It does not take a team of researchers to understand that distracted driving, caused by cell phone use behind the wheel, is a major threat to all road users and that a disturbingly large percentage of the American population regularly talks, texts, and tweets while they drive.
All it takes is to look left and right at a stoplight. Chances are, one of those drivers is looking down at their phone. However, most Missourians and people throughout the country probably do not have an accurate assessment of just how pervasive the epidemic truly is, and how many crashes and fatalities are caused by distracted technology users.
Researchers Reveal Current Epidemic of Distracted Driving
According to a study conducted by Cambridge Mobile Telematics, 52 percent of crashes are now caused by cell phone use. Of crashes caused by cell phone-using drivers, the average time spent on a device is 135 seconds per trip or just under two and a half minutes. In fact, other studies have shown that drivers spend, on average, three and a half minutes on their phone per hour of driving, as reported by Streets Blog.
That same study reported that drivers with smartphones use them virtually every single time they get behind the wheel, regardless of trip distance. 77 percent of the driving population has a smartphone. In total, researchers estimated that distracted driving with a device occurs during 600 million trips, nationally, every day.
Why Cell Phone Use Is So Dangerous and Irresponsible
Distracted cell phone-using drivers are known to tailgate, speed excessively, brake unnecessarily or too late, have poor cornering abilities, stay motionless at traffic lights that have turned, and have slower reaction times. Moreover, while looking down at the device, they are likely to swerve out of their lane of traffic, hit pedestrians and cyclists, run into a slowing car in front of them, and run red lights.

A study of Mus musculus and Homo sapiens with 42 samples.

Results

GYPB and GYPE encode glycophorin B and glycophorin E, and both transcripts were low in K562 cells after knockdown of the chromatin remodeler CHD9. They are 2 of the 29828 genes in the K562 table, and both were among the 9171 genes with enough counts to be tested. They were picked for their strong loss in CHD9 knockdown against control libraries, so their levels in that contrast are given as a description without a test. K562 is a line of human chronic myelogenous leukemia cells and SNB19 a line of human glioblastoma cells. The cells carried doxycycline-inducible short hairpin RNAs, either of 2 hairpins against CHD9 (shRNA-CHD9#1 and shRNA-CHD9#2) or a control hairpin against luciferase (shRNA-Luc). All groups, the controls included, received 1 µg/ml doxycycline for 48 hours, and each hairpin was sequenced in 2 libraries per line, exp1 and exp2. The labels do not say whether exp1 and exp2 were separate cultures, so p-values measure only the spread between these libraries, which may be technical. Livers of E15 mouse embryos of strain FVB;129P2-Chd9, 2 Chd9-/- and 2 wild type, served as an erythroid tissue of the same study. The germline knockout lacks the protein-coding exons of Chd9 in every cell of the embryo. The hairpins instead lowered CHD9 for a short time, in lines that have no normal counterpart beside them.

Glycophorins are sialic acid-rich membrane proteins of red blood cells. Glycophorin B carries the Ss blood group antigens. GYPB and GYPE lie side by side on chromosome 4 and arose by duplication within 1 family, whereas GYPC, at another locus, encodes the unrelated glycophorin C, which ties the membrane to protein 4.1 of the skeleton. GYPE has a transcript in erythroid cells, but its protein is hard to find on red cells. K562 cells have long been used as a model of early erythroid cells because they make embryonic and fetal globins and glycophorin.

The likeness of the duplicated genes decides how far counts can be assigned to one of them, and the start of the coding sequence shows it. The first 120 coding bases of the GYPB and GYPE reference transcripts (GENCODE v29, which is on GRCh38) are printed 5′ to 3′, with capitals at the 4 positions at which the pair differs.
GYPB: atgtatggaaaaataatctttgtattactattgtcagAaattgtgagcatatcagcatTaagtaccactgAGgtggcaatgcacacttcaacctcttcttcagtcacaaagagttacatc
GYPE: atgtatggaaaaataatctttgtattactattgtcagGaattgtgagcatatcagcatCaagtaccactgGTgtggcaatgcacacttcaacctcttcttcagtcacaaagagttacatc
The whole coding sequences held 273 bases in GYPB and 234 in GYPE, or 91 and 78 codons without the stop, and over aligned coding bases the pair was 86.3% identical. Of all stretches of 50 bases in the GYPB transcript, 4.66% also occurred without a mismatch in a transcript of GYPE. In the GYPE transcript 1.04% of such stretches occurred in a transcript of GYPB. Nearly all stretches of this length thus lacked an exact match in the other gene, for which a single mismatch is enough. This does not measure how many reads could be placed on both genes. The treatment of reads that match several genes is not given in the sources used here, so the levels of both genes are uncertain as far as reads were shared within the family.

Distracted driving makes drivers considerably more dangerous in every circumstance by orders of magnitude. Taking one’s eyes away from the road for just two seconds increases the chances of crashing by 24 times. Unfortunately, Missouri is one of the worst states when it comes to distracted driving—drivers spend around 6.5 percent of their driving time texting, sending pictures, using apps, checking emails, and talking on their phones.
Proving that the Driver Who Caused Your Wreck Was Using Their Phone
In many cases, it is necessary to prove that the other driver was on their cell phone leading up to the crash or during the crash. The evidence left on the road in the form of skid marks, eyewitness testimony and the position of the crashed vehicles and debris is usually enough to determine fault. However, in some cases, you may be blamed for contributing to the crash, or for causing it outright.
If you have strong reason to believe that the other driver was on their phone and that this was the cause of the crash, you may need to recover that driver’s phone records. This can be done by having the court issue a subpoena, which is a court-ordered mandate that the cell phone company provide the other driver’s records. These cell phone records, which are created in part by GPS location, may reveal the time of the crash, when and where the cell phone was being used while driving, what the phone was being used for, and calls and texts sent and received by the driver.
A Kansas City Distracted Driving Attorney Can Help
If you were injured in a crash caused by a careless or reckless driver who you suspect or know was using their cell phone, a Kansas City auto accident attorney can help. Call the Krause & Kinsman Law Firm today at 816-399-3356 to schedule a free consultation.
Adam Krause is a personal injury, mass tort, business litigation, and employment discrimination attorney who practices in Kansas City, Missouri. He graduated from the University of Missouri Kansas City School of Law and has been practicing law for several years now. Adam Krause has made a career of taking complicated litigation and presenting it in the most elementary terms for a jury of your peers to understand. Learn more about his experience here.